What does O'Brien say the authorities are most interested in within 1984? How does this compare with other leaders (e.g - Hitler, etc..)Like were the other leader's the same as the authorities and...

What does O'Brien say the authorities are most interested in within 1984? How does this compare with other leaders (e.g - Hitler, etc..)

Like were the other leader's the same as the authorities and O'Brien or were they harsher?

Asked on by ktn10


missy575 | High School Teacher | (Level 1) Educator Emeritus

Posted on

I am going to refer to the second part of your question.

To achieve this power, O'Brien focuses on two types of torture, a mental torture and a physical torture. The mental concerns itself with lies and anticipation. The physical combines with the mental in that O'Brien chose the rat cage helmet for Winston. This was one of Winston's greatest fears to be around rats. O'Brien was going to let the rats eat his face off. The anticipation of this really messed with Winston, and the pysical experience would have been extreme pain, not to mention that rats carry innumberable diseases that could spread in that type of torture.

I find this type of treatment maybe harsher than Hitler's starvation and labor camp type of treatment, although there may be many things Hitler did that I am still not aware of. If you look at what Stalin did, he just purged or killed many people. I think I would rather die quickly as opposed to being studied to find my weakest points mentally and emotionally and then tortured.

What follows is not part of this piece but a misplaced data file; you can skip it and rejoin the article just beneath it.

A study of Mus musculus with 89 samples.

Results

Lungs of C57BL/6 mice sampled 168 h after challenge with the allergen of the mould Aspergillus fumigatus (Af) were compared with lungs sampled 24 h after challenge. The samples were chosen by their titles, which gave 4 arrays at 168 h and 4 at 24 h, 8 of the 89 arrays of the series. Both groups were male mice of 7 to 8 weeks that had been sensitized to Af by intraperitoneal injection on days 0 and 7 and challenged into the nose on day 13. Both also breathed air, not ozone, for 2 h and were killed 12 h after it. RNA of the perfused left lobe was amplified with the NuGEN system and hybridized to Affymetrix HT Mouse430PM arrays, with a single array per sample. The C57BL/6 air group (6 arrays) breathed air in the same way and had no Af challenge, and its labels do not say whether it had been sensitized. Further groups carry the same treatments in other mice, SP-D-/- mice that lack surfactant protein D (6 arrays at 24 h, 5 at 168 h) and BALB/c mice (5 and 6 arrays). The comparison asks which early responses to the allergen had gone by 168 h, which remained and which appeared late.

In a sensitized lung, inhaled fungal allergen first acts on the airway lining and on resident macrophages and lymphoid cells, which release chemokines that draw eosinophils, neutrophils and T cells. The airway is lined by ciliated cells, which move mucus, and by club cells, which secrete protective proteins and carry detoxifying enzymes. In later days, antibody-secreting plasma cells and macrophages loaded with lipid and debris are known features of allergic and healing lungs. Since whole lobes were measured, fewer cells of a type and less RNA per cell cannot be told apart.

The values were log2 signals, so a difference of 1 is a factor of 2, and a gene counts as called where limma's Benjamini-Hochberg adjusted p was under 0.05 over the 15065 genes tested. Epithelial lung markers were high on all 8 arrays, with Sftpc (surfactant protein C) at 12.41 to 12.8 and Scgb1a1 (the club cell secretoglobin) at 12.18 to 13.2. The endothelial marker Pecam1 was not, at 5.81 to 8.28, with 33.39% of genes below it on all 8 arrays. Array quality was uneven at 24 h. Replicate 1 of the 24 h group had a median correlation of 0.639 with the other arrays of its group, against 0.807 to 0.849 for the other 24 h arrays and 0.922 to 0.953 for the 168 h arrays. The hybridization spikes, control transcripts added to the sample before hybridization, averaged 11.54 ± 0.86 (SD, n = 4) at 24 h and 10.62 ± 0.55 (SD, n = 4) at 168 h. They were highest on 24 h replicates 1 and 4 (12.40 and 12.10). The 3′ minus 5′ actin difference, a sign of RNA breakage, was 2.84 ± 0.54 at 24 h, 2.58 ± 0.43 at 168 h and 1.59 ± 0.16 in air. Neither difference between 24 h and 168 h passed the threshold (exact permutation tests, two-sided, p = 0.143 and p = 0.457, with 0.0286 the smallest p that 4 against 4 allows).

Power can be achieved many ways, but the most effective is through fear. This is not right, it is not good, but it is what has most quickly moved peoples in many of our history's events. I think Orwell uses this book to teach us a lesson about the detrimental uses so we work to achieve through other means that are productive and good for all people.

pohnpei397's profile pic

pohnpei397 | College Teacher | (Level 3) Distinguished Educator

Posted on

O'Brien says that the other leaders like Hitler and Stalin were not like the leaders of the Party.  He says that those leaders thought that power was a means to an end.  They thought that they should get power in order to do something (like to spread communism).

By contrast, O'Brien says, the leaders of the Party know that power is an end in itself.  He says that the only reason for getting power is to have power.  There is no other goal.

O'Brien says that the Nazis and communists were just about as harsh as the Party, but that they were not brave enough to admit what their goals were.